Once known as the ‘miracle material’, plastic has made modern life as we know it today, possible. Unfortunately, there is so much of it that the world is now almost drowning in plastic!
Synthetic plastic was invented in 1907 and became increasingly popular post World War II. The increasing use of plastic and its limited recycling have led to an exponential rise in the amount of plastic waste. Its production rate has risen twenty-fold and is expected to double over the next two decades, if not checked. Globally, since the early 1950s, over 8.3 billion tonnes of plastic has been produced and about 60% of that has ended up in landfills or in the natural environment.
India consumes 16.5 million tonnes of plastic annually, of which 43% is used for packaging. India generates 9.46 million tonnes of plastic waste annually, of which 40% remains uncollected.
Today, plastic is almost all pervasive. According to a CII report, ‘The Un-Plastic Strategy – Why and How to Minimize Externalities’, the material lends itself well for use in a variety of applications such as communications, transport, healthcare, medicines, fashion, furniture, appliances, construction, electrical and electronic appliances, agriculture and packaging, among others. No doubt this has benefitted modern society by way of creation of jobs and markets. However, there are negative fall-outs as well, especially in terms of the damage to the environment, which are often not reflected in the economic growth numbers.
Single-use plastics are disposable and meant for use and throw. They comprise of polythene bags, plastic drinking bottles, plastic bottle caps, food wrappers, plastic wrappers, straws, and styrofoam cups or plates. Some are completely non-degradable; some plastics take years to disintegrate and prove to be extremely harmful to bio-diversity. Over the course of their lifetime, the chemicals used to produce plastic get transmitted to animal tissue and finally enter the human food chain. Birds, fish and other animals end up ingesting this toxic waste and ultimately transferring it up the food chain to other mammals.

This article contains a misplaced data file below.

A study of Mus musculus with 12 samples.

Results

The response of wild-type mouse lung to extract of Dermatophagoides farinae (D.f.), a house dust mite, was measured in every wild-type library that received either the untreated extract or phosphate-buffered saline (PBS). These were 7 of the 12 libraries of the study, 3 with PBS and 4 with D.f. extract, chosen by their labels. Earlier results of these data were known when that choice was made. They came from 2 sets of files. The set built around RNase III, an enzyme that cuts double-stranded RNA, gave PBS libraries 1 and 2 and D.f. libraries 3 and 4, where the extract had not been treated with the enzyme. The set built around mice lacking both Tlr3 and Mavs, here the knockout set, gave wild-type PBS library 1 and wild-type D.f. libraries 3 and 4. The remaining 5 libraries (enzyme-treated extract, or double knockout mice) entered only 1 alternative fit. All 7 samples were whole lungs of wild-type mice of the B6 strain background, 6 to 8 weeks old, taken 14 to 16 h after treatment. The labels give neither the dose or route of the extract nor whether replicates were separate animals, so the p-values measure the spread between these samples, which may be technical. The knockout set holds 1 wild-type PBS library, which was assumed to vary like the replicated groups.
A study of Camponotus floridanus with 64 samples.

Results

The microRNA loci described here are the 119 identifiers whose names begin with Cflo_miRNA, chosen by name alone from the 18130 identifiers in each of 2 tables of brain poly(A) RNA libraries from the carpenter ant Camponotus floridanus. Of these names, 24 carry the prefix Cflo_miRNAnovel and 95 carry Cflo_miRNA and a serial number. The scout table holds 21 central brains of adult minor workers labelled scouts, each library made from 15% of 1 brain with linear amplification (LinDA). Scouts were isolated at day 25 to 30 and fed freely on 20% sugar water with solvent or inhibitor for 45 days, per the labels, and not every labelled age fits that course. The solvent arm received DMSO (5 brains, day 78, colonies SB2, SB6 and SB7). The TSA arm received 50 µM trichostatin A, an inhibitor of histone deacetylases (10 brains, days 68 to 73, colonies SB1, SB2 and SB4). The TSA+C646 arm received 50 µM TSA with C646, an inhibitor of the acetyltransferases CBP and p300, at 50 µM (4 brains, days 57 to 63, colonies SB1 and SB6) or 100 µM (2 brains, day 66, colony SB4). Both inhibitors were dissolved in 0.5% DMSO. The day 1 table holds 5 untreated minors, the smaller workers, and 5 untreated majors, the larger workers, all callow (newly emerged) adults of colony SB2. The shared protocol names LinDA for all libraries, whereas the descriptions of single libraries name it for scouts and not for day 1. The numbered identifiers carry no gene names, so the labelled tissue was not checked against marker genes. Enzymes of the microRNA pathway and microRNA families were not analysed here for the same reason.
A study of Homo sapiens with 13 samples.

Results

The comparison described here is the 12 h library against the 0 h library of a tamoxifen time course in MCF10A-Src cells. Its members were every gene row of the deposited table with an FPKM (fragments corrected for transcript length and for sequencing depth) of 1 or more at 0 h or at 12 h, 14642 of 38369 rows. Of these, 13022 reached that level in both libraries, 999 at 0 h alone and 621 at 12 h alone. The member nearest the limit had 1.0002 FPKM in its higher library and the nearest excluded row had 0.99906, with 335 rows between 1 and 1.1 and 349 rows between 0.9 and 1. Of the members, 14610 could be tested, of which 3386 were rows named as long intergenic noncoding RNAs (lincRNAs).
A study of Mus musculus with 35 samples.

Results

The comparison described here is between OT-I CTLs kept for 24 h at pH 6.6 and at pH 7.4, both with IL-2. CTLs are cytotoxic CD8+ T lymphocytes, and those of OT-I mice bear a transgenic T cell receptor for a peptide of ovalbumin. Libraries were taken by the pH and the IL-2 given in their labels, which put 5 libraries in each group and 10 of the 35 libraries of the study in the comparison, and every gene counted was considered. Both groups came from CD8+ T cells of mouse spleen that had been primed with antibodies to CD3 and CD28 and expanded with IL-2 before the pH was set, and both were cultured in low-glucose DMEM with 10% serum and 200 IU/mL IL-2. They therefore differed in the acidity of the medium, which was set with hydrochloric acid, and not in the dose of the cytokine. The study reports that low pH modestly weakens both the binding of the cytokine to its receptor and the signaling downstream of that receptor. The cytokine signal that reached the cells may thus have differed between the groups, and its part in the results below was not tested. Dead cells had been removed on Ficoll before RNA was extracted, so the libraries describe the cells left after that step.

Along with 60 other countries that have made commitments to address this issue, India has also announced its commitment to eliminate all single-use plastic by 2022.
Towards that goal, the Un-Plastic Collective (UPC), a joint initiative of the Confederation of Indian Industry (CII), United Nations Environment Programme (UNEP) and World Wildlife Fund-India (WWF-India) was launched in August 2019.
The UPC is a voluntary, multi-stakeholder initiative, which aims to address ways to mitigate plastic pollution and its detrimental impact on nature and move towards a circular economy through corporate commitments. It is hoped that these will translate into meaningful and measurable action. The initiative aims to:
Businesses, in particular, have a vital role to play in this exemplary shift from a plastic dependent ecosystem towards a more sustainable, circular economy. They can bring about change at the micro and macro levels.
UPC aims to bring together businesses, governments, NGOs and civil society to focus efforts on collaborative approaches and maximize synergies to un-plastic in a time-bound manner. It seeks to minimize the externalities of plastics on the environment by maintaining the ecological and social well-being of our planet. In doing so it complements other global initiatives such as the New Plastics Economy Global Commitment and the Alliance to End Plastic Waste which work towards driving global action on managing plastic waste.